How to String Cowrie Shells

by Samantha Volz ; Updated September 28, 2017

Cowrie shells can make beautiful homemade jewelry.

black cowrie shell 2. image by mdb from Fotolia.com

A trip to the seashore often results in fun memories and harsh sunburns, but can also lead to a grand collection of seashells. Among these shells are cowrie shells. Unlike other seashells, which are open on one side and decorated on the other, cowries feature a closed-in shape with a small slit on one side. The shells often feature colorful and vibrant decorations, so they are a prime choice for jewelry. These shells sometimes feature natural holes that make them perfect for stringing onto jewelry cord. You can create beautiful pieces of homemade jewelry that will always remind you of days in the sun and sand.

Items you will need

  • Nylon cord
  • Cowrie shells
  • Beads
Step 1

Measure a strong piece of nylon cord or jewelry string around your neck, wrist or wherever you want to wear the cowrie shell. When you have the appropriate size for your piece, add another 4 inches to allow for tying a knot.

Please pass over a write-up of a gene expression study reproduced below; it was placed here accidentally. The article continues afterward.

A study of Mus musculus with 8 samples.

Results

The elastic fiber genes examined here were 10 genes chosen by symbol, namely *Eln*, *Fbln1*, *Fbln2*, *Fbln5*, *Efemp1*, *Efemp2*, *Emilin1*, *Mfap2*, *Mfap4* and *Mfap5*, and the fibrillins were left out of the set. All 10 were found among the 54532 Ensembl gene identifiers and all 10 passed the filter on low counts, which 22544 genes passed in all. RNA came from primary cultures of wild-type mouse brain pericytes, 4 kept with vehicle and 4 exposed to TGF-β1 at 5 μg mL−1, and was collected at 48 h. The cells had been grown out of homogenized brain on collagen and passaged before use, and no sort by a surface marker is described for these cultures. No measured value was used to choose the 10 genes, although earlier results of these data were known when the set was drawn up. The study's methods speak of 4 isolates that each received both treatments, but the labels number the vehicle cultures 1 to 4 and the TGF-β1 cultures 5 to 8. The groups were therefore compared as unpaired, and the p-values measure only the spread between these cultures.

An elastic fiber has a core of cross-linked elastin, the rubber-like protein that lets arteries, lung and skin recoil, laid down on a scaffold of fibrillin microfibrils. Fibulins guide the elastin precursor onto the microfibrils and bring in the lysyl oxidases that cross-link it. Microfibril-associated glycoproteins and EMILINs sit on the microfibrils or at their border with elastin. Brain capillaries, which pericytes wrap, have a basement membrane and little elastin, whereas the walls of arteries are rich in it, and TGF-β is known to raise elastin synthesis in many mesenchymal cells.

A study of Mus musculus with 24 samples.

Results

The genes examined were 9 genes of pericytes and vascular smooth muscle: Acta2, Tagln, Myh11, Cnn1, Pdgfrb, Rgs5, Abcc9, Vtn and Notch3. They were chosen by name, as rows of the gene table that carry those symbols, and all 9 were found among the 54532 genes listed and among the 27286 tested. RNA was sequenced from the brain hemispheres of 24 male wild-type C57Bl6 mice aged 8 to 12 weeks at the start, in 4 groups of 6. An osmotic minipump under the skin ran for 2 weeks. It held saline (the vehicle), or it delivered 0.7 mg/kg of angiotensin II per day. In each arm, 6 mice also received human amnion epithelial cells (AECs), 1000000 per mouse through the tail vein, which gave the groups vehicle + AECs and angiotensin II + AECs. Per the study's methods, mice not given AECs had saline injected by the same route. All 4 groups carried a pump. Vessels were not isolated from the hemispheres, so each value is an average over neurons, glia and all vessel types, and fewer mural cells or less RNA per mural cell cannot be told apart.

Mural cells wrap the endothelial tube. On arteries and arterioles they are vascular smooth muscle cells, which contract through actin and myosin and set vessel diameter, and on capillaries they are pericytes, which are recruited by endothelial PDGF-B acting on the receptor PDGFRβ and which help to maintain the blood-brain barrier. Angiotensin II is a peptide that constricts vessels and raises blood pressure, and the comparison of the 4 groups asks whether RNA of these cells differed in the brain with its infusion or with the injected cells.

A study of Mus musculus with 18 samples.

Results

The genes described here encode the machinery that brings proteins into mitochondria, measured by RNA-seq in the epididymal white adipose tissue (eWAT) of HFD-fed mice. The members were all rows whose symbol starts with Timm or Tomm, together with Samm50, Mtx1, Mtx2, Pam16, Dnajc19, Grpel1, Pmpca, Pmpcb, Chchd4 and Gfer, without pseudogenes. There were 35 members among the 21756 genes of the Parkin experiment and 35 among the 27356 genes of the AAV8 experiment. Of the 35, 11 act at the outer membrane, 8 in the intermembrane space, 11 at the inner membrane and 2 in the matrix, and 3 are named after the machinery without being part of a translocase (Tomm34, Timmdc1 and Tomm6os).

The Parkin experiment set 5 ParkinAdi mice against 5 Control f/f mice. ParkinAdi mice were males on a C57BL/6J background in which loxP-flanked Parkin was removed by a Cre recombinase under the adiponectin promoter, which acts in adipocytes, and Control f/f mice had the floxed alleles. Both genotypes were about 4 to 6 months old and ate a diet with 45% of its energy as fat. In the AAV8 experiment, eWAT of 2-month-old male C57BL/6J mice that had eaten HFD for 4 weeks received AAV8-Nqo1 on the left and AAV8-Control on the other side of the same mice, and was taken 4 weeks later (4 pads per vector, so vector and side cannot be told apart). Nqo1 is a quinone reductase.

Step 2

Thread one end of your cord through the front of the hole in your cowrie shell, pushing firmly until the cord appears from the other end. Slide the shell down the cord until it sits at the center.

Step 3

Tie a simple knot in the cord with the two loose ends. Pull the ends tightly until the knot sits snugly against the top of the shell. This shell forms the central piece of your necklace; it will not move around on the cord thanks to the knot.

Step 4

Thread each end of the cord through other cowrie shells, beads or other jewelry pieces until you have achieved the desired look of your necklace or bracelet.

Step 5

Tie the two ends of the cord together in a slipknot to secure your piece of jewelry. The slipknot will allow you to adjust the size of the jewelry if necessary.

Tips

  • If your cowrie shell doesn't feature a natural hole, you can insert the cord into the fold and push it into place with a needle. You can also create your own hole for your string using a needle or screwdriver.

    Find cowrie shells in nature along beaches or from jewelry supply retailers or seashell retailers.

Photo Credits

About the Author

Samantha Volz has been involved in journalistic and informative writing for over eight years. She holds a bachelor's degree in English literature from Lycoming College, Williamsport, Pennsylvania, with a minor in European history. In college she was editor-in-chief of the student newspaper and completed a professional internship with the "Williamsport Sun-Gazette," serving as a full-time reporter. She resides in Horsham, Pennsylvania.